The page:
I was a bartender for years, so maybe it's just business-as-usual when someone says to me, "I heard about this recipe... I don't really know what's in it, but... could you make it for me?"
Mr. Wright and I were recently on vacation in Scottsdale, Arizona (by the way, if you're in town, you've gotta try out The Herb Box for awesome service, food and atmosphere!), and while I was soaking in a colossal tub, Mr. Wright was channel-surfing -- a rare treat for him, as we don't have television.
He ran in to tell me, "Honey! I just saw this chef on some food channel make steaks out of cauliflower, and they looked AWESOME! Can you make some?"
"Well, sure... can you tell me how he did it? Did he marinate them, or brush them with anything? Did he sear them, or roast them, or grill them, or broil them?"
Aha! A challenge!
I have no idea what Mr. Wright saw on television, but I whipped up this little magical recipe, and it was the bomb!
Broiled Balsamic Peanut Cauliflower Steaks
4 T balsamic vinegar
2 T agave syrup
1/4 c smooth peanut butter
1/2 t garlic powder
1/2 t chili powder
1 t dried basil
1 t Sriracha sauce
1 large head of cauliflower (tightly-packed florets work best)
You will also need:
Broiler pan with grilling rack to fit on top
In a blender, combine vinegar, agave syrup, peanut butter, garlic powder, chili powder, basil and Sriracha sauce.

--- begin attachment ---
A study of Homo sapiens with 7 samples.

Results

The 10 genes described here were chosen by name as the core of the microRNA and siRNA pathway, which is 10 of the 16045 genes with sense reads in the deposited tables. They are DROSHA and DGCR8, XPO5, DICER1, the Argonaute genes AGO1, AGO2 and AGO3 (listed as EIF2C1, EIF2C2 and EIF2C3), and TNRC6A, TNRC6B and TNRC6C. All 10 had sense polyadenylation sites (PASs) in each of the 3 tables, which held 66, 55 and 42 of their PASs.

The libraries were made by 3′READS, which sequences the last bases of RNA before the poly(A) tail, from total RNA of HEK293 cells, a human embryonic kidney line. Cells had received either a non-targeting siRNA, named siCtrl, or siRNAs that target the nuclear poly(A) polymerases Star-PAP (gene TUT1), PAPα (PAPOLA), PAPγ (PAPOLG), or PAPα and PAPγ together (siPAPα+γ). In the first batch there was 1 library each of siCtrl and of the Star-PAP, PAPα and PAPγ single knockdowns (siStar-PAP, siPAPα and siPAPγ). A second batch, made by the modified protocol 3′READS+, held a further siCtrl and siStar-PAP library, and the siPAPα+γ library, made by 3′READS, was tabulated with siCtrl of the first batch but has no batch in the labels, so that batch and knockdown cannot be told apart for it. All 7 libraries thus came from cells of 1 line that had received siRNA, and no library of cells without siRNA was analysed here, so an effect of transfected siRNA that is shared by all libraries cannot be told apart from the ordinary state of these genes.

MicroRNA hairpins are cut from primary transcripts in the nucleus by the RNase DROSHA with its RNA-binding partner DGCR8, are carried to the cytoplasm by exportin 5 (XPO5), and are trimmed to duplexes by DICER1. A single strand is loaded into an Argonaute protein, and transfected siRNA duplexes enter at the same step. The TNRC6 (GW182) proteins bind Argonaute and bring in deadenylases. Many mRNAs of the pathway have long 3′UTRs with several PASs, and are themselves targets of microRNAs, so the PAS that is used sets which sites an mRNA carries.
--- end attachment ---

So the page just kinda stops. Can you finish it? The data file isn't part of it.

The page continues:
Blend until smooth, and pour into a large, shallow, flat-bottomed dish.
Using a large knife, slice the cauliflower into one-inch-thick "steaks," starting by slicing down the middle, then moving toward the outside in one-inch increments. Toward the edges, you may have some pieces that aren't attached to the stalk simply fall to pieces. That's okay. We'll marinate those, and broil them, too!
Place "steaks" and random pieces into sauce, allowing to marinate for about ten to fifteen minutes, then flip over, and marinate for about ten minutes on the other side.
Tip: Use a spoon or basting brush to get sauce into those little pockets that don't make contact easily.
Carefully arrange marinated "steaks" and pieces on grilling rack on top of broiler pan.
Place under broiler for three to six minutes. Be sure to watch the "steaks" as they broil, and remove from heat when the sauce just starts to develop a deep brown, toasted appearance.
Gently flip over cauliflower, and broil on the other side, following the recommendations above. Cauliflower should be tender, and easily pierced with a fork.
Remove from heat and serve hot. Pile the little random pieces around your larger "steaks," and enjoy!
This recipe works as a phenomenal main course, or you can serve it on the side, or as an appetizer, cut into smaller pieces.